There have been a number of Laurel Canyon documentaries - all about the music scene in the late '60s/early '70s when it was a mecca of emerging musicians and the drug capital of Southern California.

Residents included the Mama's & the Papa's, the Byrds, the Doors, Frank Zappa, the Monkees, Turtles, Joni Mitchell, Buffalo Springfield, Love, and later Crosby, Stills, Nash & Young, the Flying Burrito Brothers, Love, Linda Rondstadt, Bonnie Raitt, Jackson Brown, and the Eagles. Oh... and Steve Martin.

It was an idyllic period where everyone knew everyone else, they all would hang out together - usually at Mama Cass' house, and I believe everyone also slept with everyone else (certainly Michelle Phillips did). Together they all made incredible music that has stood the test of time some 50 years later. (But it's the sleeping with everyone that I really envy.)

Like I said, there have been several documentaries about the period. As recent as a year ago there was ECHO INTHE CANYON. I'm a sucker for any film about the LA music scene of that era so I'm glad I saw it, but half of it was filled with bullshit Jakob Dylan interviews, current singers doing covers of classic hits of the era, and no mention of the drugs and death that spelled the end of "Guitaralot.- It also didn't make much mention of Joni Mitchell, which is like talking about the British Music Revolution and forgetting the Rolling Stones.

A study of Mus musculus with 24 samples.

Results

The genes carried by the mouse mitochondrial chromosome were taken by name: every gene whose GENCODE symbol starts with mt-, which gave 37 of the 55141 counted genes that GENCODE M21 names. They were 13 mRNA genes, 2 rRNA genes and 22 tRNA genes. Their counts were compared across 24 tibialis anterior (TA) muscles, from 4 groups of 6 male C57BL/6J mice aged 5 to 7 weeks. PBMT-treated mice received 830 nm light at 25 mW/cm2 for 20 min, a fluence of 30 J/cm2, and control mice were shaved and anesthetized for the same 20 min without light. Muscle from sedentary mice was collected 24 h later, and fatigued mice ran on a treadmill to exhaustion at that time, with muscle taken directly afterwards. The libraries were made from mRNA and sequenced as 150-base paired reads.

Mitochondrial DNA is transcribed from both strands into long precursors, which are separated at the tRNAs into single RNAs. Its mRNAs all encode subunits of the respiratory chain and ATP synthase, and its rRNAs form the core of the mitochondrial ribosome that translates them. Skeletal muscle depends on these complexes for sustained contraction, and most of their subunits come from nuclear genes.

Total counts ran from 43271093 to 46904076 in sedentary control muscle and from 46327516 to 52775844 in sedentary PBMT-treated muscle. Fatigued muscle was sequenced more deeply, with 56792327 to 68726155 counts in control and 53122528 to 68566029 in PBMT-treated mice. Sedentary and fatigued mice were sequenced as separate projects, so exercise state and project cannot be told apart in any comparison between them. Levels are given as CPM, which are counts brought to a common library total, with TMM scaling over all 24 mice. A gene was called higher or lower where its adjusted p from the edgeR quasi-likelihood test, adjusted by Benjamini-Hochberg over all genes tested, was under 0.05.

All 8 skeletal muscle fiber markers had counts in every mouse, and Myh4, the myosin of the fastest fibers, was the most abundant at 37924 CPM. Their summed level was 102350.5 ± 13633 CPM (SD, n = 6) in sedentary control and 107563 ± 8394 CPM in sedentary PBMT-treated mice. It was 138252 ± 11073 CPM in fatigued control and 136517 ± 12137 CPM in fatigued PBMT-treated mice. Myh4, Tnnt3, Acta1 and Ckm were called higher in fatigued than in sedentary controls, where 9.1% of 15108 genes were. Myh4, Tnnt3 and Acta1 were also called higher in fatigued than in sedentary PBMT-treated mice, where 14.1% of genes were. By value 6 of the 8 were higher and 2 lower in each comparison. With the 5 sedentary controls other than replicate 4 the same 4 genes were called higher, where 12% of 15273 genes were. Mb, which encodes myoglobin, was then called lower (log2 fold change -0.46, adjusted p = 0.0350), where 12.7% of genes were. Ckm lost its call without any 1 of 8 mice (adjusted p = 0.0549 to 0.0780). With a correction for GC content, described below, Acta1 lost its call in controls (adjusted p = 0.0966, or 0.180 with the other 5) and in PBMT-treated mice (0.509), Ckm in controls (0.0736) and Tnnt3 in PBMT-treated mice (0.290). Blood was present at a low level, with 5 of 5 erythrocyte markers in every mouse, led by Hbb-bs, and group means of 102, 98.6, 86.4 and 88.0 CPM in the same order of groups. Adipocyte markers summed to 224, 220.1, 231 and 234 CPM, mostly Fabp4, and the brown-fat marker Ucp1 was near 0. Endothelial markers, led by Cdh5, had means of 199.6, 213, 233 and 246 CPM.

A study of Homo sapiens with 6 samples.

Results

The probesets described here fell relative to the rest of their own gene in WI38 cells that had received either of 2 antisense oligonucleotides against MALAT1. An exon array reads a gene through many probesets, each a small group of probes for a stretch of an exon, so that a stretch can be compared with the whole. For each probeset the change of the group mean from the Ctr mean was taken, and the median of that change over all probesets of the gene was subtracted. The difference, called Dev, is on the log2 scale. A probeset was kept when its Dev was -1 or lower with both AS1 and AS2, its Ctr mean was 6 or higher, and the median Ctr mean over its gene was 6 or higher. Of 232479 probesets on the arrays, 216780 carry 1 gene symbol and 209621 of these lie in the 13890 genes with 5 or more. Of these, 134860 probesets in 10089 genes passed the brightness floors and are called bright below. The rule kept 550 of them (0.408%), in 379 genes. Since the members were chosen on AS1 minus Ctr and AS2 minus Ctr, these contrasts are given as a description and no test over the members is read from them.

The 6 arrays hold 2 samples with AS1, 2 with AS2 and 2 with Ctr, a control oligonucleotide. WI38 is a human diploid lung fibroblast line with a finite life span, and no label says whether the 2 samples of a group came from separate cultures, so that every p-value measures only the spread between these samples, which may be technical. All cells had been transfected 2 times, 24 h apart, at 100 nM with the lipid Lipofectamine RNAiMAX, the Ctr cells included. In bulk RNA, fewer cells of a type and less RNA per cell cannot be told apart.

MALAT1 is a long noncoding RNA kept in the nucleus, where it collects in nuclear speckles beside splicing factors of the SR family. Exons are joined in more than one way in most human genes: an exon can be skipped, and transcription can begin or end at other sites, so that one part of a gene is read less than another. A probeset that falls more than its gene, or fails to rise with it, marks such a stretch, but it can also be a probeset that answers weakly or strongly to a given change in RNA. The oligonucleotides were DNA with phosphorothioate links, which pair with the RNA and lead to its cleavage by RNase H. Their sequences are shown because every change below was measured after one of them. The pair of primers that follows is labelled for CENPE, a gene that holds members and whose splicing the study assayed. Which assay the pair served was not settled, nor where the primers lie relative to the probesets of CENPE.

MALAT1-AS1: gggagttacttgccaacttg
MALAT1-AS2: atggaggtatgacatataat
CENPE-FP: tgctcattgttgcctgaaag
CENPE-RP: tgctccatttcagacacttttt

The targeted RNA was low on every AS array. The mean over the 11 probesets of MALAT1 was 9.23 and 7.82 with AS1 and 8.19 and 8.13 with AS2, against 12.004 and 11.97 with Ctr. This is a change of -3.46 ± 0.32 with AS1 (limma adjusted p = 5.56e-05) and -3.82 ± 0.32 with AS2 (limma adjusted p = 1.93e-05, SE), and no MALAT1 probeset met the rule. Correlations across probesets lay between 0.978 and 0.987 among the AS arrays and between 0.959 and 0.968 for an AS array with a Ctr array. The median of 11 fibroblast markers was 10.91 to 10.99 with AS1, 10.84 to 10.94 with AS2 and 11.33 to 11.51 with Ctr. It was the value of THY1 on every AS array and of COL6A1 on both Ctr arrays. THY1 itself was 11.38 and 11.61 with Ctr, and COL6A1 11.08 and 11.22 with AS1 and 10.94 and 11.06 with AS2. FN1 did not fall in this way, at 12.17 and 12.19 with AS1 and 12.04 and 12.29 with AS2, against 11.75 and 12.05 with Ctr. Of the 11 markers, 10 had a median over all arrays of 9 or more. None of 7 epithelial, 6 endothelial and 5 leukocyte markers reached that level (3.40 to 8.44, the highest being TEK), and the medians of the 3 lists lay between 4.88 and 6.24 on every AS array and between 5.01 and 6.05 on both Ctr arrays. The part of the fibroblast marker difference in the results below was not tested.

Happily, there's a new Laurel Canyon documentary that is flat out sensational. It's filled with home movies, raw footage, fascinating stories, and interviews so extensive that even I knew one of subjects personally. There's no narrator - none is needed. But they do a beautiful job of conveying what was great about the music, the people, the period, and the nearby Sunset Strip scene.

They also don't sugarcoat the period. Things turn dark. Drugs, the dangers of success, in some cases deaths (Jim Morrison, Mama Cass), reverberations from the Manson murders, and the turbulent world (a war we never should have been in, mass demonstrations, the National Guard, a crook for a president - sound familiar?) all contribute to the downfall of the era.

All of that is the good news. And it's several hours long. But here's the bad: It's on Epix. Who the hell gets Epix? Hopefully it will go to Netflix or Hulu or any platform most people can get. Keep an eye out for it. When it does come along, check it out. And when you do, you'll notice interviews with LA dj, Jim Ladd. He was on KLOS in the early '70s playing all of those albums and artists. Actually, I was playing them. I was his engineer.